With a combined 88 years of experience in manufacturing and engineering, Pulse Systems’ President and CEO Herb Bellucci and CNC Machining Manager Dave Schell have encountered just about every machining challenge imagineable, but prior solutions don’t necessarily address challenges arising today.
Manufacturing technology is constantly evolving as innovations quickly antiquate today’s optimal processes. That inspired the medical part manufacturer to consider combining laser machining with Swiss turning, making Pulse Systems the first company to buy Tsugami’s B-axis LaserSwiss, and subsequently become the first company to purchase the LaserSwiss SS207-5AX.
The Tsugami 20mm, 7-axis Swiss-style CNC lathe with B-axis and a fully integrated laser cutting system provided Pulse Systems with a new way to manufacture a part for one of its key customers.
“The customer’s metal injection molding (MIM) process was failing to produce a waterjet nozzle that could pass inspection. The part kept failing because it could not withstand the high pressure from the waterjet,” Schell says.
“The waterjet was just eating up the part,” he adds. “Our customer has since replaced that MIM part with a turned part that we make on the LaserSwiss. They’ve been testing it and they’re very pleased with the wear erosion performance, compared to the MIM part.”
In addition to providing an alternative manufacturing option for the MIM part, the LaserSwiss consolidated operations – performing Swiss turning and laser cutting operations with one setup, with all operations programmed and driven from the machine’s Fanuc 31i-B5 control.
The laser’s nozzle stand-off adjustment is CNC controlled, and its frequency, pulse width, focus, and power are adjustable on the fly. Schell says he couldn’t run the waterjet nozzle without the machine’s B-axis, and he now uses the LaserSwiss to machine several small parts.
“There are other ways to run parts, but they’re not as fast or accurate,” Schell notes. “The Tsugami is very responsive.”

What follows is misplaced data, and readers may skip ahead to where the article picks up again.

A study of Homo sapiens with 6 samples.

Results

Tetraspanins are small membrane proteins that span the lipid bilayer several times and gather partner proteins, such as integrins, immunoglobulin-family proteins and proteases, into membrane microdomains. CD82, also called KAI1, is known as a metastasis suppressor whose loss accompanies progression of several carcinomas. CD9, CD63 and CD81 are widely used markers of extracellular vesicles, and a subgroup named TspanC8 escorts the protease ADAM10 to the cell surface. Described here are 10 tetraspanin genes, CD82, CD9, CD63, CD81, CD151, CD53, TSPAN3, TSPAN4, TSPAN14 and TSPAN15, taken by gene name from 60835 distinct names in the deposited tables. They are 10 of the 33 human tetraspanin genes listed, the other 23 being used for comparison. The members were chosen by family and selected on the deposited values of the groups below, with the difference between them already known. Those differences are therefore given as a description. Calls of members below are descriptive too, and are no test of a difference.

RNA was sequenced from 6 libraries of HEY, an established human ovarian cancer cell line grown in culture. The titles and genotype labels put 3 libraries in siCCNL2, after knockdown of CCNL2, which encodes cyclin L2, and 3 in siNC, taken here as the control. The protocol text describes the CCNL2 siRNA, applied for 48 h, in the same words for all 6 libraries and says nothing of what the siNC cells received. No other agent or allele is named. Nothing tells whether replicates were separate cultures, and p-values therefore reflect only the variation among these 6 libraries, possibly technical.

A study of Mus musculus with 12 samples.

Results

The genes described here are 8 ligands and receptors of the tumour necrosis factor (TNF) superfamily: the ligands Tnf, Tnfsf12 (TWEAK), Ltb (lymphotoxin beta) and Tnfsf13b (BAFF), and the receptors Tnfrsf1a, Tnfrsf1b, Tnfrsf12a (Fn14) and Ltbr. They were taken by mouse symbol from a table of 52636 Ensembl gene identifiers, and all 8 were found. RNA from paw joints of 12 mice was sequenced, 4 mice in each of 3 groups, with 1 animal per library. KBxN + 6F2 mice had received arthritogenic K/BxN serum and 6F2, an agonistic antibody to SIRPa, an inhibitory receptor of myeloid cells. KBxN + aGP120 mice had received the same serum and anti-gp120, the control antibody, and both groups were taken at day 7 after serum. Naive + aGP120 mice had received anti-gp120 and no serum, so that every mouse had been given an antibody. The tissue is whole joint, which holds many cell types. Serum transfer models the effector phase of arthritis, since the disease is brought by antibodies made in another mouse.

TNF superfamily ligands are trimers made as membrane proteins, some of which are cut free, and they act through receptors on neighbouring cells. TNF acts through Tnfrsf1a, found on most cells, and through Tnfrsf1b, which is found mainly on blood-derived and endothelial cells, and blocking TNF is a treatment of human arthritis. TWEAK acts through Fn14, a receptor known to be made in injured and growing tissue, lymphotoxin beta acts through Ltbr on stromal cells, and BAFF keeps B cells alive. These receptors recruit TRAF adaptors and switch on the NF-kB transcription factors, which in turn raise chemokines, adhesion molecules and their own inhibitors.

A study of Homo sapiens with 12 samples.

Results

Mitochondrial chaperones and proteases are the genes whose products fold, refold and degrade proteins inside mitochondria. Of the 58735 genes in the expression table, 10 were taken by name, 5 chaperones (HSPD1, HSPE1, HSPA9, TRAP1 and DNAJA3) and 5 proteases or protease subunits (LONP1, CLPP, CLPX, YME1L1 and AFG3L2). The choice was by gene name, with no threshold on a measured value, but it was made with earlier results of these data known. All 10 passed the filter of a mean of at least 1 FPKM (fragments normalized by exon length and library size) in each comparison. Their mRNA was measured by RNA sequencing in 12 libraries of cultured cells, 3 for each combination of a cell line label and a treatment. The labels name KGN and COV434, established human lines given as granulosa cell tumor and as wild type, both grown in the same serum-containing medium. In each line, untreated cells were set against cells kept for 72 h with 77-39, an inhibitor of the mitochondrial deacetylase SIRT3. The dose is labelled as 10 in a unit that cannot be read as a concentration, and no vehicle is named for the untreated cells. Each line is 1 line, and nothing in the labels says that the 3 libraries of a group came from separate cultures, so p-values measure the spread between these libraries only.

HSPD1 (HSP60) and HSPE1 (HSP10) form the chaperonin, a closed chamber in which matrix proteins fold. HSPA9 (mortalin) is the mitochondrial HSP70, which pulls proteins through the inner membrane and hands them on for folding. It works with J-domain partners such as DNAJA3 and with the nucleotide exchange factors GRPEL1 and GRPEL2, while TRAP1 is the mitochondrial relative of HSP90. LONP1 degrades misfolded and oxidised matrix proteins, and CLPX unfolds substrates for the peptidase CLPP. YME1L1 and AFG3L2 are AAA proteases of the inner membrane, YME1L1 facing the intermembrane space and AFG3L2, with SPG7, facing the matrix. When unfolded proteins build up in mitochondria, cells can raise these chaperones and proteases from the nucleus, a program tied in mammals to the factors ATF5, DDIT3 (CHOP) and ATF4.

Time, material savings
The company also uses the LaserSwiss to manufacture a round, hollow, thin-walled part with puzzle cuts around the diameter. Run from SB 360 brass bar stock, that part previously required two machines for completion.
“We used to drill the ID, turn the OD, then send the part to the laser,” Schell explains. “Then we’d laser cut five parts, and out of a 3" blank we were throwing away 2" of material.”
On the LaserSwiss, the part is finish machined in 90 seconds, with one repeatable and predictable process. In addition to a 25% improvement in cutting times, the LaserSwiss reduces material waste.
“We were throwing away two-thirds of the material with our old process,” says Schell, who also appreciates not having to move the part during processing. “I’m a firm believer in one-and-done. When you move parts from one machine to another, you risk handling damage and you potentially jeopardize precision.”
Other parts run on the LaserSwiss include a stent-like, thin-walled flexible part that was previously manufactured as a two-piece weldment.
“Instead of making two pieces and laser welding them together, we now make it as a single piece in one operation on the Tsugami,” Schell says.
Incorporating disruptive technology
“We make excruciatingly small parts,” Bellucci says. “It’s everything related to sub-millimeter parts typically used in minimally invasive surgeries, catheters, and implants.”
Because these parts often come in contact with the human body, tolerances are tight, and edges must be completely burr free. Although the machine was designed for this type of precision, Pulse Systems just as often uses the machine as a basic roughing tool.
Making preliminary cuts on extremely small, thin-walled parts with an end mill can be time consuming, Schell explains, because you must remove the metal one thin layer at a time, using several passes to avoid damage.
“What we’ve done is used the machine’s laser as a rougher. We blow a laser cut through the wall, and then mill the finish,” Schell says.
The laser can produce the same high-quality surface finish as milling can, but he notes some customers still request a milled finish.
“Everyone wants everything at a lower cost. Cutting time reduces cost, so more and more, we’re using the laser as a rougher,” Schell says.
Pulse Systems also uses the LaserSwiss as an etching tool for another version of the SB360 brass part – a spring-like electrical contact. Machinists laser-etch the part’s windows on the Tsugami, then dip the part in an acid wash where etched material inside the windows cleanly falls out.
Finding work for the LaserSwiss hasn’t been difficult. According to Bellucci, on the laser side of the shop machinists work three shifts, five days a week, and the machine is booked up.
It’s a capital investment Bellucci and Schell are proud of, so it’s the first machine customers see when they visit the company.
“We moved another machine to put this one in front,” Bellucci says. “The LaserSwiss is an important part of where we’re headed as a company.”